Thank God most hallways aren't this long. But what if they were? And picture someone at the other end walking towards you. WWJD?
This is the classic awkward situation. In a certain sense (the sense of being such a common occurrence), it is the mother of all awkward situations. Let's say you're walking down a long narrow corridor or hallway or path. An acquaintance of yours (someone you often say hi to but not much more) comes strolling along from the opposite end, heading in your direction. Now, you both see each other. Assuming you have decent vision, you both recognize each other and most likely make eye contact. Once eye contact is made, you have probably 10-15 seconds during which to say your simple greeting of "hey how are you?" The unavoidable question is what to do during the extra 7-12 seconds after you say your little friendly but trivial hello. Most of us, to fill the uncomfortable silence whilest you walk past one another, try to start a little phony, yet brief conversation, usually asking something mundane such as "where are you headed?" Under no other circumstances with this person (whom you're not friends with) would you ask them where they're off to, let alone care. All of us have been in the situation in which we say hello at the very beginning, as soon as eye contact is made, and then are forced to look down at our feet in 5 seconds of excruciatingly awkward silence as we pass the person, as it hangs in the air that we clearly have nothing more to say to one another than "how's it going?". These phony, "where you off to, man?" conversations, albeit awkward, are not pointless as they are a desperate attempt to avoid the painful silence we all have been scarred by at one point or another.
A person I know tries to avoid this situation but in the most obvious way (although I don't think he knows it's that obvious). We're not friends at all but happen to have said hi since freshman week. Every single time I see him, whether it's from across a 30 or a 5 meter hallway, he looks down the entire time at his feet, kind of bobbing up and down as if he's got some beat going on in his head and is in his own world, unaware of my presence. The whole time he's doing this I just stare at him trying to draw his eyes to look at me (I know he sees me), but he refuses. So at the very last second, after giving him every chance to say hi or at least make eye contact, inviting a hello from me, I say to him "Hi Jake!" (name has been changed). He looks up, startled, as if he's just been awoken from a nap, focuses his eyes for a second, finally pretends to recognize me for the first time (what horseshit), then changes his look and voice from confusion to excitement and exclaims "Clayyyy!" The first couple times he tried to pull this shit I gave him the benefit of the doubt and thought he was just in his own world but he's done this in literally every single one of our 40 or so interactions. Although I agree with him, these "hallway encounters" can be somewhat awkward, they aren't so awkward that they should paralyze one into this phony "whoa didn't see you there" act.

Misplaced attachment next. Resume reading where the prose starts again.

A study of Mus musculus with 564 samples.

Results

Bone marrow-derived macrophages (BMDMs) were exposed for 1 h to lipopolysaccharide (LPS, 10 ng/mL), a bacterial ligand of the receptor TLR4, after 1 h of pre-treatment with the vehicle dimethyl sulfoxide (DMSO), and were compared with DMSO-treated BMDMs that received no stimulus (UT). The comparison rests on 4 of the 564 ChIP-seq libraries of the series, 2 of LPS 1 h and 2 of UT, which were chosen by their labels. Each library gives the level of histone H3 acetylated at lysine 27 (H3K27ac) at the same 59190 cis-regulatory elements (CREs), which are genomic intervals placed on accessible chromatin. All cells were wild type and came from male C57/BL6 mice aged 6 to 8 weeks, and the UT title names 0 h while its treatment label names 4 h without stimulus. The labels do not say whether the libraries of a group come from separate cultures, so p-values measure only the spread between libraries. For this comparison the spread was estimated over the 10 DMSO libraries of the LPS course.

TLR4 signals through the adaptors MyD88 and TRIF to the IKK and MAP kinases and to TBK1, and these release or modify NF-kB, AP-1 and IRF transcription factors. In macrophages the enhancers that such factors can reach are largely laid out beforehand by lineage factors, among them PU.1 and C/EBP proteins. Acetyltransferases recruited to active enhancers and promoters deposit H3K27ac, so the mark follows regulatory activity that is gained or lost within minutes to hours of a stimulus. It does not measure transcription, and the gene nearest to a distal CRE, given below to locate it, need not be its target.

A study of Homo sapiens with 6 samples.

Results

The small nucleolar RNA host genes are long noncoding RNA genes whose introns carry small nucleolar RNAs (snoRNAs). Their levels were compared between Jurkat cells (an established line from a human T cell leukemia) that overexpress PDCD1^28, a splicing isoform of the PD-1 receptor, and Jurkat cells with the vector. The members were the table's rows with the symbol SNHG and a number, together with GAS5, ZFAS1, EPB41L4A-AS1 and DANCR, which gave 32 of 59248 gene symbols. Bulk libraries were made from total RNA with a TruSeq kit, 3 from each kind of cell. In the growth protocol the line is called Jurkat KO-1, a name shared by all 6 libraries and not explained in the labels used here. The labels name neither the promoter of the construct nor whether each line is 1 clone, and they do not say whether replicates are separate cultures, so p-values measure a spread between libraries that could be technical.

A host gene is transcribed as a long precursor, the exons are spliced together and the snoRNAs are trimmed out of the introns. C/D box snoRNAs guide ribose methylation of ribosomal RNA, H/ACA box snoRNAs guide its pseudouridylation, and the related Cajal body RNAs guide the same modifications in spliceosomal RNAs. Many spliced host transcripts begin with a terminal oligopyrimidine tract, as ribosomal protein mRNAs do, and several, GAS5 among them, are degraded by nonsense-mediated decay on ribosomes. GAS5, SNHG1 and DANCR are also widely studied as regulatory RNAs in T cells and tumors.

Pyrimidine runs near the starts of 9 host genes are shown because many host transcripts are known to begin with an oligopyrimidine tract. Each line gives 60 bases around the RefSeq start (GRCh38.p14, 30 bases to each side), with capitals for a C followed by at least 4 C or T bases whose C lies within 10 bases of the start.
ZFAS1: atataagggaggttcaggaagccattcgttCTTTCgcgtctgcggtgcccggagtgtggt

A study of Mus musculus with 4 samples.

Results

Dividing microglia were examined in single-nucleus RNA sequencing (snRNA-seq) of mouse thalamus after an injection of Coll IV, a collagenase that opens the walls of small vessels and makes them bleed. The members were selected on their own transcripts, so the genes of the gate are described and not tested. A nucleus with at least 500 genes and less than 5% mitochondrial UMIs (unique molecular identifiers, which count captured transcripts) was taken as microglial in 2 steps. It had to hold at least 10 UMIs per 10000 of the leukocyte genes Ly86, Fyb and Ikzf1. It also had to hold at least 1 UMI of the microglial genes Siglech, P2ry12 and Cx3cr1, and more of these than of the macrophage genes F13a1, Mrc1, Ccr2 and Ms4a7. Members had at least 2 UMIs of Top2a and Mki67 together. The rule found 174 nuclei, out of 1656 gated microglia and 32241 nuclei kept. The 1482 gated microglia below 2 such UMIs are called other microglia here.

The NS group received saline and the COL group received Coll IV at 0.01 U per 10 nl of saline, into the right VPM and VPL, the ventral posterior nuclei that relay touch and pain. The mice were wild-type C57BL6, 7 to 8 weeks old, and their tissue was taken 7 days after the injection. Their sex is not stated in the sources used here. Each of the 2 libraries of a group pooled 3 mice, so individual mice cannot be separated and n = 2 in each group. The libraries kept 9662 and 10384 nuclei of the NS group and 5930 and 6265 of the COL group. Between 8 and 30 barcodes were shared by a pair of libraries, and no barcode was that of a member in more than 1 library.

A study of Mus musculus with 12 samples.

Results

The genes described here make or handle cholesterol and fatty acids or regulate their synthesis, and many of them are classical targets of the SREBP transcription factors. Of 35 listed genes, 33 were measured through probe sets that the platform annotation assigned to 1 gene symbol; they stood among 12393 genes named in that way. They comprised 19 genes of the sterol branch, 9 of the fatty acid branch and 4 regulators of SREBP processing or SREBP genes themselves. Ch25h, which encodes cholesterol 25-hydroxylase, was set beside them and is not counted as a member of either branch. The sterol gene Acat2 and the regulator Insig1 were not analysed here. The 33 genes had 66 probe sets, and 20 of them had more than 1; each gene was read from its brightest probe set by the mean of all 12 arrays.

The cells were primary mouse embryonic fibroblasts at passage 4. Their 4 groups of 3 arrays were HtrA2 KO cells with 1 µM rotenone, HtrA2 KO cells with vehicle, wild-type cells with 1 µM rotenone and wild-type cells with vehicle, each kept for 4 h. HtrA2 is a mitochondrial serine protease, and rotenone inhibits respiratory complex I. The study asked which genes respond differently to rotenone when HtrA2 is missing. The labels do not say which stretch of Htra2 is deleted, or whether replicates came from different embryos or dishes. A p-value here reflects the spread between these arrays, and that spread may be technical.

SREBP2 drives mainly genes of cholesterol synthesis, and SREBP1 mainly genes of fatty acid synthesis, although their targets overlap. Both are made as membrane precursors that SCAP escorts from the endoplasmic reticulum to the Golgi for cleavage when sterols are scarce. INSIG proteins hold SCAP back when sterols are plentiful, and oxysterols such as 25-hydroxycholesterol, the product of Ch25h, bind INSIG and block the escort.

Most people, when they see someone they know coming towards them from a distance, see them at first (and perhaps make a brief, yet noticeable eye contact that they deny to themselves ever happened) and then look down at their feet. Perhaps they take out their cellphone and pretend to check the time or send a text. Adjust a strap on the backpack. Pretend to be observing an interesting squirrel on the tree off to their right. Anything to give them an excuse for why they're not looking straight ahead, which is what we do when we walk under almost all circumstances. Then at the very last minute, after both people have occupied 10 seconds with some bullshit excuse for looking down or pretending not to notice the other person, look up at the last second (right as they're passing the person) and look at them as if they just noticed their presence for the first time and give the friendly, "hey Mitch!"
I remember at a very small camp I went to (about 40 people total) a counseler was describing a brutally awkward and embarrassing, yet simple interaction he had. He was passing by the director of the camp, whom he had already seen several times that day, from a relatively long distance (15 meters). Now cellphones and watches weren't allowed, and backpacks weren't worn, so he was pretty short on deawkwardizing options. He said, "hey Hap." Hap replied "hello Ridge" A silence arouse, and they still had about 4 more seconds in silence before they would pass each other. So Ridge, panicking about this awkwardness, and not too quick on his feet, asked, "Hap, what time's the haying tomorrow." (Haying was when all the hay came and we all unloaded it into the barn.) Hap looked at Ridge with a little smile, seeming to realize that he had asked this question with no purpose, just to fill a silence and said "Ridge, how long have you been a counselor here? You know what time the haying is." Busted. Ridge got red in the face and walked onwards. At least he wasn't stuck in silence.
To be perfectly honest, besides convenience, another reason I ride a bike around campus is that I don't have to deal with these awkward situations as much. On a bike, the time that passes between two people is much shorter so I don't have to calculate these ways to avoid eye contact or have a phony conversation about where the other person is headed.